By The Wonk Room
Two days ago, President Obama announced that the world’s most wanted terrorist had been captured and killed by U.S. special forces. A CIA-led Navy SEALs squadron of just a few dozen men were tapped to perform the mission. One of the soldiers selected to participate in the “counterterrorism group [that is] so specialized that no one can apply to join it” is Rubén Mejía, the son of Mexican immigrants.
Mexico’s El Universal newspaper reports that Mejía’s parents came to the U.S. from Guanajuato, a city in central Mexico. Rubén Mejía was born in the U.S. and enlisted at the Moreno Valley, California military base six years ago. After spending 7 months in Afghanistan, Mejía joined the SEALs and was able to see Osama Bin Laden’s corpse as it was carried out of the building where he was killed.
Mejía’s father, a machine operator, recalled the moment that soldiers in uniform came to his home in Los Angeles holding a folded flag. “It was one of the biggest scares,” explained Martín Mejía. “When they [the soldiers] saw us [the family] begin to cry they clarified that bringing the flag was an expression of recognition and honor because our son had carried out a great mission for our nation,” stated the SEAL’s father.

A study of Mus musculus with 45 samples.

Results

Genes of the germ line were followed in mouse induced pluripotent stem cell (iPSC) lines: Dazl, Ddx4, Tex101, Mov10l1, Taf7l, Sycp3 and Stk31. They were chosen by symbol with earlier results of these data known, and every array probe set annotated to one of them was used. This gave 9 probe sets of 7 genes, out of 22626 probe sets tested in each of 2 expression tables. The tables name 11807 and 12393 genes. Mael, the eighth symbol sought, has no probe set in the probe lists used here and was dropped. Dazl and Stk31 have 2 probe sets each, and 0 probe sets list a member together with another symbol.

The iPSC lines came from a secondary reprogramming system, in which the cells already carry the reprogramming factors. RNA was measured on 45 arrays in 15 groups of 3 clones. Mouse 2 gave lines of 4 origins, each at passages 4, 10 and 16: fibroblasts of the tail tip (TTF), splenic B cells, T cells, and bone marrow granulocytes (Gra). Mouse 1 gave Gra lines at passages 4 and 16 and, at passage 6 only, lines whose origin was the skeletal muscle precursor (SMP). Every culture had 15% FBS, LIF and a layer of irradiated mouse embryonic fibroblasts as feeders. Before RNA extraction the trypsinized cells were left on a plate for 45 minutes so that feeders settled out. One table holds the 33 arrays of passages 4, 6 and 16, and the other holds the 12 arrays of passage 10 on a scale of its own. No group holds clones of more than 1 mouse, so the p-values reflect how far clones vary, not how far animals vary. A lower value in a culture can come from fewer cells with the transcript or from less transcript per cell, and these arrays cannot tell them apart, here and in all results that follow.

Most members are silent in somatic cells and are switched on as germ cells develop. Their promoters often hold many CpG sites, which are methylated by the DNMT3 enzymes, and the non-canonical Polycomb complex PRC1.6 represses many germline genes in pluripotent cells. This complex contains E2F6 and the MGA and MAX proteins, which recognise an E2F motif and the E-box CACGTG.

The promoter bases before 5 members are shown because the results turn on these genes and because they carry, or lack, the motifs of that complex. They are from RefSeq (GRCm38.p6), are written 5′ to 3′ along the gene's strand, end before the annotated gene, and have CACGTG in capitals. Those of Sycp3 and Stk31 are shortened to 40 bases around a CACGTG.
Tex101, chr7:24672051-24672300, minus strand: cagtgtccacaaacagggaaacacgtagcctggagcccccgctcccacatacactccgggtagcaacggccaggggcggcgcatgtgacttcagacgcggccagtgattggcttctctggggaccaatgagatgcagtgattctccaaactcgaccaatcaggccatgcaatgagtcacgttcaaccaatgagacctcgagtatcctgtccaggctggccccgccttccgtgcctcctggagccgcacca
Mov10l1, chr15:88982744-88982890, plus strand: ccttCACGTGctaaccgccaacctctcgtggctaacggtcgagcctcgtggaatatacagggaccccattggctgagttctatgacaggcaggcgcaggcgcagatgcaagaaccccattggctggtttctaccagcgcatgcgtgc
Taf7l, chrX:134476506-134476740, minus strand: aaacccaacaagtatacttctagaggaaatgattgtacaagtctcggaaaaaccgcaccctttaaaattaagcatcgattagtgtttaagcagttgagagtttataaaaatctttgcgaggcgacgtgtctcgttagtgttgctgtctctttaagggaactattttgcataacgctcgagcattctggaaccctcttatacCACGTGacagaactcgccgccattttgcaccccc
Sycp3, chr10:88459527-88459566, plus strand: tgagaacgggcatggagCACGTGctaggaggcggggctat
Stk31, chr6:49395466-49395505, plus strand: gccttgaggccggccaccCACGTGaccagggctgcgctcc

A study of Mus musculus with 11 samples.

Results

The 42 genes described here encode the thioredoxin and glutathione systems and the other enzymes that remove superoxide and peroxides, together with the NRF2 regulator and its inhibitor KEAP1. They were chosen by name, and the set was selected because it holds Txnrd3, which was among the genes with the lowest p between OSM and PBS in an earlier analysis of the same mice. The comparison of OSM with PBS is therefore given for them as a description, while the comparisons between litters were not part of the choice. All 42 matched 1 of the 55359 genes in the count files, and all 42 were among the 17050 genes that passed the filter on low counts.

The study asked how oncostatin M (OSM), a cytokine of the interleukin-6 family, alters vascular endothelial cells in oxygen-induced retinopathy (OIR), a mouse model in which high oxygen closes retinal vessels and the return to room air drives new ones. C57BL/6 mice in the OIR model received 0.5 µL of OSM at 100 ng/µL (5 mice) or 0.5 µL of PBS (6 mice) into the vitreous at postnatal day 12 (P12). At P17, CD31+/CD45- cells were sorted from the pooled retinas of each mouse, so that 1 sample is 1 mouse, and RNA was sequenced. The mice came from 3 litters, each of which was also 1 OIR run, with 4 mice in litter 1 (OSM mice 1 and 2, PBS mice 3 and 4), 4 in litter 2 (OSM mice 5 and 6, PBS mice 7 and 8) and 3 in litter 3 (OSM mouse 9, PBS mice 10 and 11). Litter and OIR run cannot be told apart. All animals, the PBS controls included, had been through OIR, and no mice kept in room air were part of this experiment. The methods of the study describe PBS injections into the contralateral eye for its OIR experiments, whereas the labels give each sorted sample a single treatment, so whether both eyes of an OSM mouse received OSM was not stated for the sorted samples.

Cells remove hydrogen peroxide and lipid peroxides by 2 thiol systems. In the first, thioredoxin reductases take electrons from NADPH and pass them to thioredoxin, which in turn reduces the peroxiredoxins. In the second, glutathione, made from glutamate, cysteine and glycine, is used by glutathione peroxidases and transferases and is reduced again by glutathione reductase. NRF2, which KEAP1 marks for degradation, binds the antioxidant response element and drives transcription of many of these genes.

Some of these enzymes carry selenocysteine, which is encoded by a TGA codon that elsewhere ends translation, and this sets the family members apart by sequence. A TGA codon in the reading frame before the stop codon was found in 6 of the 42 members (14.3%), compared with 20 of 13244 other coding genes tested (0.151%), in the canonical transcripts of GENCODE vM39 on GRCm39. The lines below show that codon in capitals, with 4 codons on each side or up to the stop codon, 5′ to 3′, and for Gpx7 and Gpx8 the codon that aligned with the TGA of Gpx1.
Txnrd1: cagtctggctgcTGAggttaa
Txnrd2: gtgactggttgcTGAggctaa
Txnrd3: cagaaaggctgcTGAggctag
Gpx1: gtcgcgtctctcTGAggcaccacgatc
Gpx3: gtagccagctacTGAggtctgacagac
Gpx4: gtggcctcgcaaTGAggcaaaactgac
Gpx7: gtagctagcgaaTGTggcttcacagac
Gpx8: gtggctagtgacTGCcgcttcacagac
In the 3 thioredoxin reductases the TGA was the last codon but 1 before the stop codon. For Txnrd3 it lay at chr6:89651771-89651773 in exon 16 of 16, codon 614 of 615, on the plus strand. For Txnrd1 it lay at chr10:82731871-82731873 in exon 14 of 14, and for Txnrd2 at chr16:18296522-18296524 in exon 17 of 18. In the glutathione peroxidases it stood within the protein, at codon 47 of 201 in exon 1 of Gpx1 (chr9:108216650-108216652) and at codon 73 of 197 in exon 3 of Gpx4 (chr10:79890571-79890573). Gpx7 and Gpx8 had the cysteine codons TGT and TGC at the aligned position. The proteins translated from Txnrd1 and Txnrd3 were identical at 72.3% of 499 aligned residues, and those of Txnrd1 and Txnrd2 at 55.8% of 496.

For a long time, Latinos were underrepresented in the armed forces. Yet, this started to change dramatically as the Army launched “a vast recruiting campaign targeting Latino youth, placing ads in Spanish-language media, including magazines, radio, and television.” In fact, several military experts have come out in support of the DREAM Act which would legalize undocumented youth who go to college or serve in the military precisely because it would significantly increase the pool of qualified recruits in the Latino population — which comprises the majority of undocumented immigrants and is more likely to enlist and serve in the military than any other group.
There is a flip side to this as well. Casualties among Latino soldiers in Iraq ranked the highest compared to other minority groups in 2007. In fact, Marine Lance Cpl. Jose Gutierrez — an orphan who made the 2,000-mile journey from Guatemala City to the U.S. at age 14 — was one of the first U.S. servicemen killed in combat in Iraq.
Meanwhile, many also claim that Latinos are being left out of the military’s highest ranks. “In the last 75 years, there have been only three (Latino) officers on active duty with three stars and just one with four. What’s the problem? We’re as capable, competent and educated as any other segment of society,” retired Lt. Gen. Ricardo Sanchez stated last year. If the hundreds of Latinos who have died serving our country abroad aren’t enough to change that, hopefully Rubén Mejía’s brave and historic actions are.